Product review: SoftSkies, eye candy for iTunes I'm not in the habit of writing product reviews, but the folks at SoundSpectrum (makers of the excellent audio visualization software G-Force) were kind enough to offer me a free one-year license for their new product, SoftSkies, as reward for my customer loyalty. Although I'm under no obligation to write a review of this latest product, I'm doing it because I want to and because I think it's a cool plug-in for any music lover.
So. End of disclaimer. Here's the review.
SoftSkies is a visualization plug-in that works with iTunes, Windows Media Player, Winamp and about half a dozen other audio players. (It also has a stand-alone feature if you prefer.) The main feature is SoftSkies' "patent-pending real-time cloud rendering engine."
Like G-Force before it, SoftSkies gives you a visual to go with your music (screen shot, right), so you can stare at your computer screen, mesmerized by the swirls and shifting colors of the clouds as they roll by to the tempo of whatever music you happen to be listening to at the moment.
The description from the SoftSkies website is pretty straightforward:
SoftSkies is a music visualizer and screensaver that produces mood-enhancing animated cloudscapes, rich with color and realistic motion. SoftSkies features professional color design, patent-pending cloud animation, dynamic image scenery and fine-grained visual control. SoftSkies is ideal for relaxation, music appreciation, and enhancing the ambiance of any social setting.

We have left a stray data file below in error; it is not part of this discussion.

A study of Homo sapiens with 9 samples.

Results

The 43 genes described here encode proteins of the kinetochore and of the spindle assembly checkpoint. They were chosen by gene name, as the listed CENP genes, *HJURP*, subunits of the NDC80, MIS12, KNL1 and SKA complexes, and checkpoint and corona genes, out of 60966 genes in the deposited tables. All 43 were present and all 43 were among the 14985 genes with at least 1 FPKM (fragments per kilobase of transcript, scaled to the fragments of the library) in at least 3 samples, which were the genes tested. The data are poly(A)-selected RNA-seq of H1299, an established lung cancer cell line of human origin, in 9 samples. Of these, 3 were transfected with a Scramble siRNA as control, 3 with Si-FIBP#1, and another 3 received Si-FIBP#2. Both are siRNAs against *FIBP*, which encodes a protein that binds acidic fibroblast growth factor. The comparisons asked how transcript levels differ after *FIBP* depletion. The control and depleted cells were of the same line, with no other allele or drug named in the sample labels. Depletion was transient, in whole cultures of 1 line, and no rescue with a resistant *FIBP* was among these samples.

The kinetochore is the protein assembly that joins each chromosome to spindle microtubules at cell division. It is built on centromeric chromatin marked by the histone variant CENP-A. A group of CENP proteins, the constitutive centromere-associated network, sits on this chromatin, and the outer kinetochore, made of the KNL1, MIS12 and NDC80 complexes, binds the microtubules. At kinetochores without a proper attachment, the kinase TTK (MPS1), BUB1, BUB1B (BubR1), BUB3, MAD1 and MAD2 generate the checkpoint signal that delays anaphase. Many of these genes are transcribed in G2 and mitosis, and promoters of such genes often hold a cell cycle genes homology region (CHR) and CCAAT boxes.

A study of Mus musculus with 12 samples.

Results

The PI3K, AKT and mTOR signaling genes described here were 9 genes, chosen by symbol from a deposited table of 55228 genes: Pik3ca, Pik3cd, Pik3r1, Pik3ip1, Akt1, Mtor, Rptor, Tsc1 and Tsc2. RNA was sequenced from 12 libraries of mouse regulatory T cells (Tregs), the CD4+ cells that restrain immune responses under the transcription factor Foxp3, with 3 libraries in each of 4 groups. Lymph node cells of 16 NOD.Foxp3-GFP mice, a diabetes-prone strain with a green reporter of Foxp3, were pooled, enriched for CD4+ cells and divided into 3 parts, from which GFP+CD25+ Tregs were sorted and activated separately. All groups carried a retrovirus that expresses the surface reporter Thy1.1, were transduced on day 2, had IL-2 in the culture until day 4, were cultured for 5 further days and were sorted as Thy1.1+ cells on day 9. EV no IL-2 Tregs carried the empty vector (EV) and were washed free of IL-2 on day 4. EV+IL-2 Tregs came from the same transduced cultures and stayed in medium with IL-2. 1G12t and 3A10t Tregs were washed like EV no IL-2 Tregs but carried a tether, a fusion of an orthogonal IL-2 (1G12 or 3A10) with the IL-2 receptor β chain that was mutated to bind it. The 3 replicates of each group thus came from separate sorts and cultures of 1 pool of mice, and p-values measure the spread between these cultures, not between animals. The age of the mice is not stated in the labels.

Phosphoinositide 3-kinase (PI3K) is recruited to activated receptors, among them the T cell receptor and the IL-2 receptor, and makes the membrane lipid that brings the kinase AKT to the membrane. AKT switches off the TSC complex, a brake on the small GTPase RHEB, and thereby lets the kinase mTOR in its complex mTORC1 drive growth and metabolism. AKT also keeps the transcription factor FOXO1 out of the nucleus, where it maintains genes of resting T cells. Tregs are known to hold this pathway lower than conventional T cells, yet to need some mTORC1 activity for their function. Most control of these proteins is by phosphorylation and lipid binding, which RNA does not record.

Unlike G-Force, however, SoftSkies offers a more placid, laid-back ambience and would probably be a nice addition to an emergent worship service. G-Force seems to be tailored more for raves, house parties or concerts, where the visualizations hop and vibrate to a more pulsating beat. Not that SoftSkies won't work for your house music (I've got it plugged in to some Ladytron right now, and the clouds are floating along just fine to the up-tempo experience) but it doesn't seem quite as "active" as the G-Force visualizations. SoftSkies seems more appropriate for softer stuff. But, just as you can use G-Force for softer stuff, so can SoftSkies adapt to rowdier rock.
The photo below, posted on the SoftSkies forum, gives a side-by-side comparison of the two programs. G-Force is on the left.
The other nice thing about SoftSkies is its V-Bar feature (available with the "gold" package). This allows you to actually work while running SoftSkies as a vertical or horizontal strip on your screen. The V-Bar doesn't take up much real estate on your monitor, so if you're programming, writing or blogging, you can still enjoy SoftSkies.
According to some posts in the SoftSkies forum, some iTunes users have experienced some glitches (like no clouds, just "a nice blue gradient"). So, if you're an iTunes user, you might want to download the trial version for testing before plunking down the $20 for the gold package (or $30 for the platinum). It's a good idea to experiment with the trial version first, anyway.
I originally discovered SoundSpectrum's G-Force via Andrew Jones, who was using it as an alternative to staid PowerPoint presentations in his ministerial work. This was way back in 2002. I've also written about Andy O'Meara, the guy who created the software and the company, back in 2004 on my (now mainly inactive) e-vangelism website.